Truett Foster Mckeehan had joy that took the room when he entered. He was a magnetic son and brother and friend. If you met him, you knew him, you remembered him. His smile, his laugh, the encouragement he offered with words or even without. He had an untamable grand personality and dreams to match. And he hated being put in a box. He expressed himself through the music he made. And by made I mean, written, recorded, produced, mixed, and designed the art. All of it. A true artist. His first show was a week ago, and it was nothing short of electric. Everyone felt it, everyone knew it. He could’ve easily taken the easy route and put music out when he was 12, 14, 16, even 18, but he always said he wanted to live some life and have something to say before he did it. He didn’t want to be a child star, he wanted to be a man with scars and a story to tell. I always admired, respected and encouraged that stand. Truett always had a soft spot for God. The Bible moved him. His heart was warm to the things of his King. He was by no means a cookie cutter Christian but give me a believer who fights to keep believing. Give me a broken man who recognizes his need for a Savior every time. That’s who Truett was and how he should be remembered. My last moment with Truett in person was at his first show this past Thursday at the Factory in Franklin, Tennessee. I had to leave the next morning very early to fly and start our Canadian tour. As I stood in the audience and watched my son bring joy to a room, I was as proud as a “pop” (as tru called me) could be. It was the culminating moment of a dream that he had since he was 12. It couldn’t have been sweeter. Our music, and what we say lyrically couldn’t be more different, but the outcome was much the same… offering a room full of people a few minutes of joy in a crazy world. Our last text exchange is shared above (swipe). My wife and I would want the world to know this... We don’t follow God because we have some sort of under-the-table deal with Him, like, we’ll follow you if you bless us. We follow God because we love Him. It’s our honor. He is the God of the hills and the valleys. And He is beautiful above all things.
If you spend enough time with me, you'll hear about him eventually.
If Toby is a missionary for God, you could call me a missionary for TobyMac.
Anytime someone asks me how I got into rap, I always say I listened to a lot of "Christian rap" growing up.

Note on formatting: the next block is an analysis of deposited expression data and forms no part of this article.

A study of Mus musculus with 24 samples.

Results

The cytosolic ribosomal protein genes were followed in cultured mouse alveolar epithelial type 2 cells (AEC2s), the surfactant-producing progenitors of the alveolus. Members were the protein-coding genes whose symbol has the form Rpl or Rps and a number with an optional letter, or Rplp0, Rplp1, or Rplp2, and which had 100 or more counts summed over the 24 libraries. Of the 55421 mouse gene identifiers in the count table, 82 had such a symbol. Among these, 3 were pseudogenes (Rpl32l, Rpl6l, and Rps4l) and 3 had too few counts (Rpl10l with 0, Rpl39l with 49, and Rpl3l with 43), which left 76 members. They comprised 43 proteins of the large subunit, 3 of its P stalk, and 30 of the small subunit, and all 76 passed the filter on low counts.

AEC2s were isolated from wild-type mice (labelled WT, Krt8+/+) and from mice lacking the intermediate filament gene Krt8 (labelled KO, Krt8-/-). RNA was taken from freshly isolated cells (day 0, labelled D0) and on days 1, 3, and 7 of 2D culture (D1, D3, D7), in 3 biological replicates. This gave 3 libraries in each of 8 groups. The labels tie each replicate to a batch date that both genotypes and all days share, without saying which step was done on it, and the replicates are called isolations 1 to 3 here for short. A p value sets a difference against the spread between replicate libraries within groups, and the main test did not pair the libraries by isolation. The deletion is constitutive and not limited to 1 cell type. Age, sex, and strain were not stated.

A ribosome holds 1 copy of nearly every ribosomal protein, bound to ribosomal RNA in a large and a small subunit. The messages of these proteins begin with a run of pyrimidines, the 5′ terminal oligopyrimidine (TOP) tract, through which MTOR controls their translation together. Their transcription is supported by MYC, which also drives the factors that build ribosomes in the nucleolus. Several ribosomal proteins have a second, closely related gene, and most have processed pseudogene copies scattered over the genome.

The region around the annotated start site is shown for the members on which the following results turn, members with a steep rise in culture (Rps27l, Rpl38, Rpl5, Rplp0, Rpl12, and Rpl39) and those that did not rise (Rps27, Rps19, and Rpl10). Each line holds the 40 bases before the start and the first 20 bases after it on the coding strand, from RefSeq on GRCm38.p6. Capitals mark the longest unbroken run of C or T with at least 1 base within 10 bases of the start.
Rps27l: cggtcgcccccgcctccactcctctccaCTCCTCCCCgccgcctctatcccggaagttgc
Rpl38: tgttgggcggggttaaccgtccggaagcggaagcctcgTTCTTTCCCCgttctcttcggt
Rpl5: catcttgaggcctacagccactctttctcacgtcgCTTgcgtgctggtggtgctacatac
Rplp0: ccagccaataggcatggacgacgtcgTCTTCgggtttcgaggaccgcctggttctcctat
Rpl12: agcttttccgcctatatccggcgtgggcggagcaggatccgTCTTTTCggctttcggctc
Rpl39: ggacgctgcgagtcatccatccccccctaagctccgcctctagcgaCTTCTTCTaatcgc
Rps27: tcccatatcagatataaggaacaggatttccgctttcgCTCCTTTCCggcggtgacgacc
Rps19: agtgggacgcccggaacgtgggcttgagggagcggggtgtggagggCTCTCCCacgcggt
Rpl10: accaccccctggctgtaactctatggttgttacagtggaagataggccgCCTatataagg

I'll always remember listening to DC Talk's Free At Last record over and over again with my family in the late '90s.
I often think that's where it all started.
My favorite DC Talk member for the longest time was actually Mike.
My friend couldn't find Mike's solo CD when the group went on hiatus.
She gave me TobyMac's solo debut instead.
I saw him in concert (Mike was there too!) for the first time when I was 14.
I have to give Toby a lot of credit for my interest in rap.
Toby may be the single biggest influence on my career path.
When I was younger, I fantasized about being signed to Toby's label, Gotee Records.
I've known for the last ten years that I want my own record label just like Toby.
He's probably the first artist with his own label that I looked up to.
I might not sound anything like Toby or share his belief system anymore, but he's influenced me in so many ways.
From the joy of knowing what hip-hop is...
Getting to know some of his biggest influences (The Police, GAP Band)...
And most of all, his unwillingness to compromise his beliefs and what he stands for.
To me that's a universal theme that I've been able to relate to in my own ways.
When DC Talk was a potential crossover hit from the Christian market to secular mainstream, Toby said:
"I've always said, if we crossover - we'll take the cross over."
In the '90s he started a non-profit called the E.R.A.C.E. Foundation because he was so fed up with how white people were treating People of Color.
He talked about an old white guy shaking his hand after a DC Talk concert but refusing to shake Mike's hand because of his skin color.
He's always talked about racial reconciliation and sent subtle messages to his white audience that we need to get our act together.
His themes of diversity are so universal in his music and reflected in his life.
I take pride in my circle becoming increasingly more diverse.
I always look to Toby as a big influence on that.
The more I find out about Toby's story, the more I fall in love with it.
His career started before I was born.
There was no internet documenting it.
I've found bits of his story through a breadcrumb of interviews and articles over the years.
I continue to unravel the mystery...
As a teen, Toby would go out on the weekends to early rap shows in the diverse Washington, D.C. area...
He said he was often "the only white boy" at those hip-hop shows in the early '80s.
His dad couldn't afford to send him to college, so Toby became a great golf player and won a scholarship to a private university.
He produced the first demo tracks for his rap group D.C. Talk.
Always the entrepreneur, Toby went around his college selling the tapes.
They sold out like hot cakes.
I have so much more to write but the reason why I'm writing is because his oldest son, also an artist, passed away this week at the age of 21.
I was looking forward to Truett's career so much.
My heart breaks for Toby.
Sending my condolences to Toby McKeehan and his family...
Toby featured his son Truett on all of his albums except his last one (The Elements, 2018).
In lieu of a feature, Toby wrote the song "Scars" about their relationship.